So called ‘Healthy’ breads contain more salt than a packet of chips
A recent study by the The George Institute for Global Health found that some so called ‘healthy’ breads contained more than a of third of the daily recommended salt intake in just two slices.
Researchers analysed 1439 bread products from 2010-2017 and found that Rye breads were revealed to contain on average 20 per cent more salt than targets set by the Australian Food and Health Dialogue (FHD). Flat bread such as wraps, naan, roti and tortillas also included unnecessary high levels of salt, on average containing a third more salt than white bread.
The loaves with the highest salt levels were Schwob’s Dark Rye, with just one slice containing more than double the amount of salt as a serving of Kettles sea salt crisps. Artisan baker Bowan Island’s Wholemeal Sourdough also stood out for its high salt content (1.6g salt/100g), almost THREE TIMES saltier than the lowest option Bill’s Certified Organic 100% Wholemeal Sourdough (0.6g salt/100g).
The report highlighted high levels of salt in flat breads, with Mission Chapattis Garlic topping the list with 2.3 grams of salt per 100g grams per serve – 23 times more salt than the flat bread with the least amount of salt – Missions’ White Corn Tortillas.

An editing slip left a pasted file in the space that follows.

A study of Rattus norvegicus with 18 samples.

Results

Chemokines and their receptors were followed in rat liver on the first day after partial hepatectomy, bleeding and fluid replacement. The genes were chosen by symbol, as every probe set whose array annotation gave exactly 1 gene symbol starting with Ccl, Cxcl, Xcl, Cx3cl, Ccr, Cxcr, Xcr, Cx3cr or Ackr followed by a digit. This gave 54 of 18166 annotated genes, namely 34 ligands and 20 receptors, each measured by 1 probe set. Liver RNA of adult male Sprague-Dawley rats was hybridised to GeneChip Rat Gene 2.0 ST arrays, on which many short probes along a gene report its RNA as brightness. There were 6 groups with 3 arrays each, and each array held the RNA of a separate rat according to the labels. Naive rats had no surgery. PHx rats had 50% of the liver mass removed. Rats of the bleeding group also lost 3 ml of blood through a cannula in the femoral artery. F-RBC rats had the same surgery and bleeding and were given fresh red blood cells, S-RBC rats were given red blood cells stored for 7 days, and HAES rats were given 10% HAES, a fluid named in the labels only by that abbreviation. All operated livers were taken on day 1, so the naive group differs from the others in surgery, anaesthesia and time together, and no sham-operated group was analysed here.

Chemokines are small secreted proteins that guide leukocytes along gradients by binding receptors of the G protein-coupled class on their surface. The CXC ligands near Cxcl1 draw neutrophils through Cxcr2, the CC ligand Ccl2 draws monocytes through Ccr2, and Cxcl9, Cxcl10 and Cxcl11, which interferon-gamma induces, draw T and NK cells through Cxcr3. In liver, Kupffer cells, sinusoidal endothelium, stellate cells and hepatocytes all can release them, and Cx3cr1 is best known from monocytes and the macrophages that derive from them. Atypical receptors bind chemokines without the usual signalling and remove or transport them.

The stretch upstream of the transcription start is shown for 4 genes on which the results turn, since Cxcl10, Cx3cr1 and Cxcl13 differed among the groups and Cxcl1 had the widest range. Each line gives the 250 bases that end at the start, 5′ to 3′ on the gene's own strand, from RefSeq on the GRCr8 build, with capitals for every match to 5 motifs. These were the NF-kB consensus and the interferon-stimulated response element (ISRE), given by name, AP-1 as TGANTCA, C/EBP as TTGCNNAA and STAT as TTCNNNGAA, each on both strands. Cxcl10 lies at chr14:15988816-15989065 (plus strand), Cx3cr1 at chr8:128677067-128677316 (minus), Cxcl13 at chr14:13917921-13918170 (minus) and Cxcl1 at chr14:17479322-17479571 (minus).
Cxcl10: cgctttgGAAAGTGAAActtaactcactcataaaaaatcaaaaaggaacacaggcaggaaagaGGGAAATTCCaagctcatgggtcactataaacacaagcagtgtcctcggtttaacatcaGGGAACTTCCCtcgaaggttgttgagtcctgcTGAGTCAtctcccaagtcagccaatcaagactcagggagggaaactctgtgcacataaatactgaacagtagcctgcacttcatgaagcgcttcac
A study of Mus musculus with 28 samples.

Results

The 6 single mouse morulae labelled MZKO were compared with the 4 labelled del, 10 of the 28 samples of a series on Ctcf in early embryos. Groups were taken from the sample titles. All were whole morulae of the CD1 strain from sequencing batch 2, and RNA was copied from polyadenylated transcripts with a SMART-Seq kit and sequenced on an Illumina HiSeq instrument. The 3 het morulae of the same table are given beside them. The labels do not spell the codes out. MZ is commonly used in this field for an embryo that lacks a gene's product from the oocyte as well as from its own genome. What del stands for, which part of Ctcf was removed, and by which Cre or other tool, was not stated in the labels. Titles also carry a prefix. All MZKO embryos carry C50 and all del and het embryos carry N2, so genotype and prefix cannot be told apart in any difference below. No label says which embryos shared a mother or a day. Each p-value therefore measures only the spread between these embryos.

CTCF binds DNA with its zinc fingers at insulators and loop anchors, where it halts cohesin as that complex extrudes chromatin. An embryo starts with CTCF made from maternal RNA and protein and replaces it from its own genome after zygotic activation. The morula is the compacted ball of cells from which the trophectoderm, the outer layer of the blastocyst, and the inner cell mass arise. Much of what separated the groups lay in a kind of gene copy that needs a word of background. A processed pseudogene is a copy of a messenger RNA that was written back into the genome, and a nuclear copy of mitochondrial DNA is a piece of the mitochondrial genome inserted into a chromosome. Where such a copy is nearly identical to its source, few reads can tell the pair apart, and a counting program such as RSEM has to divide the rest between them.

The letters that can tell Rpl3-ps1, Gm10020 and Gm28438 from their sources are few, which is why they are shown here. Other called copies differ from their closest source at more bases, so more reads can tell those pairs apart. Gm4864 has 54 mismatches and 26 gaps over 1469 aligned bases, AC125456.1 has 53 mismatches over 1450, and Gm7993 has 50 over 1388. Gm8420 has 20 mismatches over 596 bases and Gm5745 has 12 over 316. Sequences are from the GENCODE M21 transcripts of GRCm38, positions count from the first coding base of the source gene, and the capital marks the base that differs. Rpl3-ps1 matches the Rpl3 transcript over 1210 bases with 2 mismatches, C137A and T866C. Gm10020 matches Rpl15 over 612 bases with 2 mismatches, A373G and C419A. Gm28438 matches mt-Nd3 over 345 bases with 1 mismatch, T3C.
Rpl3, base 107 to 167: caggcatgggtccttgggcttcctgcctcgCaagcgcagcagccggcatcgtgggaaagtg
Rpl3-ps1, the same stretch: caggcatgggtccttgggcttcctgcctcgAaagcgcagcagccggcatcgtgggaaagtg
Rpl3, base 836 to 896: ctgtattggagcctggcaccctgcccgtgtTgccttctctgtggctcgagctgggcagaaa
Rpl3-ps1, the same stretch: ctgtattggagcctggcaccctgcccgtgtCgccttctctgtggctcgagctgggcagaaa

Lead author Clare Farrand said “We know that excess salt in our diet increases blood pressure and the risk of stroke and cardiovascular disease, so our findings are incredibly worrying especially as many of the products that have the highest levels of salt are perceived by families as being the healthiest.”
- The average Australian adult eats around 8-10 grams of salt each day, almost double the World Health Organisation recommendation of less than 5 grams per day.
- Processed and packaged foods account for around 75 per cent of salt in the Australian diet.
- Globally it has been estimated that more than 1.65 million cardiovascular deaths per year and attributed to excess dietary salt intake.
- In 2009 the FHD set voluntary salt reduction targets to be achieved in three major food categories (ready to eat breakfast cereals, breads and processed meats) to try and achieve the World Health Organisation’s aim of reducing global salt intake by 30 per cent by 2025. The target for bread products was set as 400mg/100g.
- The current government’s Healthy Food Partnership is currently prioritising nutrients and foods and will set goals for reformulation and clear measures to track progress.